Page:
LONDON, United Kingdom — It was a night at the museum. Jonathan Sauders took his Autumn/Winter 2014 show to the newly renovated Tate Britain in its after hours. The atmosphere was dark, both literally and figuratively, as guests were ushered in to a dimly lit hallway where the catwalk was nestled. The runway was a meandering one that stretched over 30 metres passing by mountains of disused retro television sets that served as part of the show space. They all displayed static. There was already a strong sense of foreboding, like a scene from DeLilo's novel "White Noise".
As the soft classical background music faded out, deep mechanical drones reverberated through the high ceilings of the hallway, past its imposing Roman columns. A voice in the track whispered "Danger, Danger" on loop. A model in an oversized fiery red overcoat with bold shoulders, pale complexion and reddened eyes cut through the audience with her decisive strut. She seemed vacant and dazed.
White noise became more of a central motif with each look as it was abstracted and rendered in glitter fabric in shades of aqua blue, burgundy and magenta. They appeared on the hemline of skirts and notably on the accessories.
patchwork was also a recurring element that adorned many of the coats and sheath dresses. They were done in an array of textured fabrics, mixing pin stripes and glitter swatches. The visual effect was reminiscent of Paul Klee's "Polyphonies" that depicted similar square motifs. Interestingly, the Paul Klee exhibition is on-going at the other Tate on the South Bank.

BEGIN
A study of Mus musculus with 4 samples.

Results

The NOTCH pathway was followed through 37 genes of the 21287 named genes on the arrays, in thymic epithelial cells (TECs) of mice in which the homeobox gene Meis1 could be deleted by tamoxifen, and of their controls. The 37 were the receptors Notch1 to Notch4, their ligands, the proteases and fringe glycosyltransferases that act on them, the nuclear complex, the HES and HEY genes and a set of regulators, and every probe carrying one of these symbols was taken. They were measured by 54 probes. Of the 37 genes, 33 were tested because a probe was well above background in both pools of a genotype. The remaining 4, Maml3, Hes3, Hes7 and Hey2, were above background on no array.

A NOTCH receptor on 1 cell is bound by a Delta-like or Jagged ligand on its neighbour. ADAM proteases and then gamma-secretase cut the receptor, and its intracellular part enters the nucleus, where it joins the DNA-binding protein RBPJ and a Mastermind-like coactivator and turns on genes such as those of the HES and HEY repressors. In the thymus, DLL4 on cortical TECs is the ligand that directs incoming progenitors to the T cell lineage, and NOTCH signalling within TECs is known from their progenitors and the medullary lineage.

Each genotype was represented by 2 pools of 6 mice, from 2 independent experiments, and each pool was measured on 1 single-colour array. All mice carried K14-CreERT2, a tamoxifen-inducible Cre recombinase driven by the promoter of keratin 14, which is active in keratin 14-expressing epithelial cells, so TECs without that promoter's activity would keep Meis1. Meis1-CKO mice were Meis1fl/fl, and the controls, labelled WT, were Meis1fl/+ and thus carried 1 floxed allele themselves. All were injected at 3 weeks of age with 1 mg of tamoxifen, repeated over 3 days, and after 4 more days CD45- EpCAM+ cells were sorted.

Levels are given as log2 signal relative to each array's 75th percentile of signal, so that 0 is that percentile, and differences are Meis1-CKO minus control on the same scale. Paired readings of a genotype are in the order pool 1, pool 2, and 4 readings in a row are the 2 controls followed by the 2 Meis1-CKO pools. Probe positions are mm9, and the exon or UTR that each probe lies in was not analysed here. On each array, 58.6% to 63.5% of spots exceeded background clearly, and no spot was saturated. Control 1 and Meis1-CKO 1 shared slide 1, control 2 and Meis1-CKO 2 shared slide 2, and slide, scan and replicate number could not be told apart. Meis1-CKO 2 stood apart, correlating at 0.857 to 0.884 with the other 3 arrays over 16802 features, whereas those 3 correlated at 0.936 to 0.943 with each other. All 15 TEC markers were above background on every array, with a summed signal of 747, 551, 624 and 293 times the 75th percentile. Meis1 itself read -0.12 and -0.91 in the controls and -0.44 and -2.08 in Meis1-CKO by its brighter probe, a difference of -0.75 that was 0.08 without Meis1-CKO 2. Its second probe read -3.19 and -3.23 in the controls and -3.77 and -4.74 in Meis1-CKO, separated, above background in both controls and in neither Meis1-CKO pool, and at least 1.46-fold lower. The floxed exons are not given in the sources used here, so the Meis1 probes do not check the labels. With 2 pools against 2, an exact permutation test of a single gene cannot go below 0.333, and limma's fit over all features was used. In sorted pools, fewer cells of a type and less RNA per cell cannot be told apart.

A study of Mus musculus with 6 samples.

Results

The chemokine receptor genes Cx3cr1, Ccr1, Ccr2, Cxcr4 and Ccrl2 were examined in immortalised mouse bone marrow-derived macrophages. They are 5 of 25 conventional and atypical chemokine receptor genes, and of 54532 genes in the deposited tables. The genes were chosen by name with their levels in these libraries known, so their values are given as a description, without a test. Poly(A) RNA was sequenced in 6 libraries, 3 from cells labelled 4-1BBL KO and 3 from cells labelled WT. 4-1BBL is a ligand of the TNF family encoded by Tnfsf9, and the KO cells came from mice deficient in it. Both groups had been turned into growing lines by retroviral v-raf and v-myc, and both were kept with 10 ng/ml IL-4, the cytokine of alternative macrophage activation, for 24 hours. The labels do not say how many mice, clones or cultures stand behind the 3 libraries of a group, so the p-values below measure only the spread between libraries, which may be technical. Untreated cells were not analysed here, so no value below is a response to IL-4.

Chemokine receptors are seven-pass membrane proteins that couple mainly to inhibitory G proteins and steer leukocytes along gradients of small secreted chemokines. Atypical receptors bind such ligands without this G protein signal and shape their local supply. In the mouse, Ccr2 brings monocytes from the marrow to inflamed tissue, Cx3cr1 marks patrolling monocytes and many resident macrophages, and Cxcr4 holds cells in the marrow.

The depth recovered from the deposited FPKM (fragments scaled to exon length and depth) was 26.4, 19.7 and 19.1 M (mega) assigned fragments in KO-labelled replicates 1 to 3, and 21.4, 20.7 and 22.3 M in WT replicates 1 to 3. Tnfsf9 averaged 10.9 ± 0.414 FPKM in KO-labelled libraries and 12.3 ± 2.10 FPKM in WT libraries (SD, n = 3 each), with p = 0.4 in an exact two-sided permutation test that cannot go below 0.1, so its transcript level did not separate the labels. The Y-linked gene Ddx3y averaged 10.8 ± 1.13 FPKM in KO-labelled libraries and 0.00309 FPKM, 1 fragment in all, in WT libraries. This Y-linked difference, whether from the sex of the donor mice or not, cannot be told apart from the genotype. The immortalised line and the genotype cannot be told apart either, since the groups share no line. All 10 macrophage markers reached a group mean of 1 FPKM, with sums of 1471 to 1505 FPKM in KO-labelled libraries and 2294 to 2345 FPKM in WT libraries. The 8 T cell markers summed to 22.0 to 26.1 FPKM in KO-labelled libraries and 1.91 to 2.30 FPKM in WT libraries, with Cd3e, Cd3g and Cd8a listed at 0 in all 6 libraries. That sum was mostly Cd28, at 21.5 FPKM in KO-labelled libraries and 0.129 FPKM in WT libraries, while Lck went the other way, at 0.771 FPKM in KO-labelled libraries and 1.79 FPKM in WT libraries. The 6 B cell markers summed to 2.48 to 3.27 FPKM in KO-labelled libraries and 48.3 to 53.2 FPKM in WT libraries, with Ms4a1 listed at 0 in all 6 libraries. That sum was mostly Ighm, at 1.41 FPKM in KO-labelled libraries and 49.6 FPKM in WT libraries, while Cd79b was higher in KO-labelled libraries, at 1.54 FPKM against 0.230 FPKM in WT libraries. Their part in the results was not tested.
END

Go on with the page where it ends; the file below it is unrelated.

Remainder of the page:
The impactful delivery of the collection aside, it didn't distract the audience from the exceptional pieces in Saunders' collection. To name a few, the sheer checkered see-through number in look 7, the wide-lapel grey coat with black hard lines delineating its edges in look 13, and the square shoulder knit with a collaged appliqué pencil skirt in look 36 were all obvious standouts.
The use of vibrant colours were true to form but this collection seemed more refined compared to Saunders' previous collections -- a popular direction judging by the cheers and resounding applause at the end of the show. The women after all were impeccably stylish, and if there were any element of "danger" at all, it would be for the need to snag them all when they hit the stores.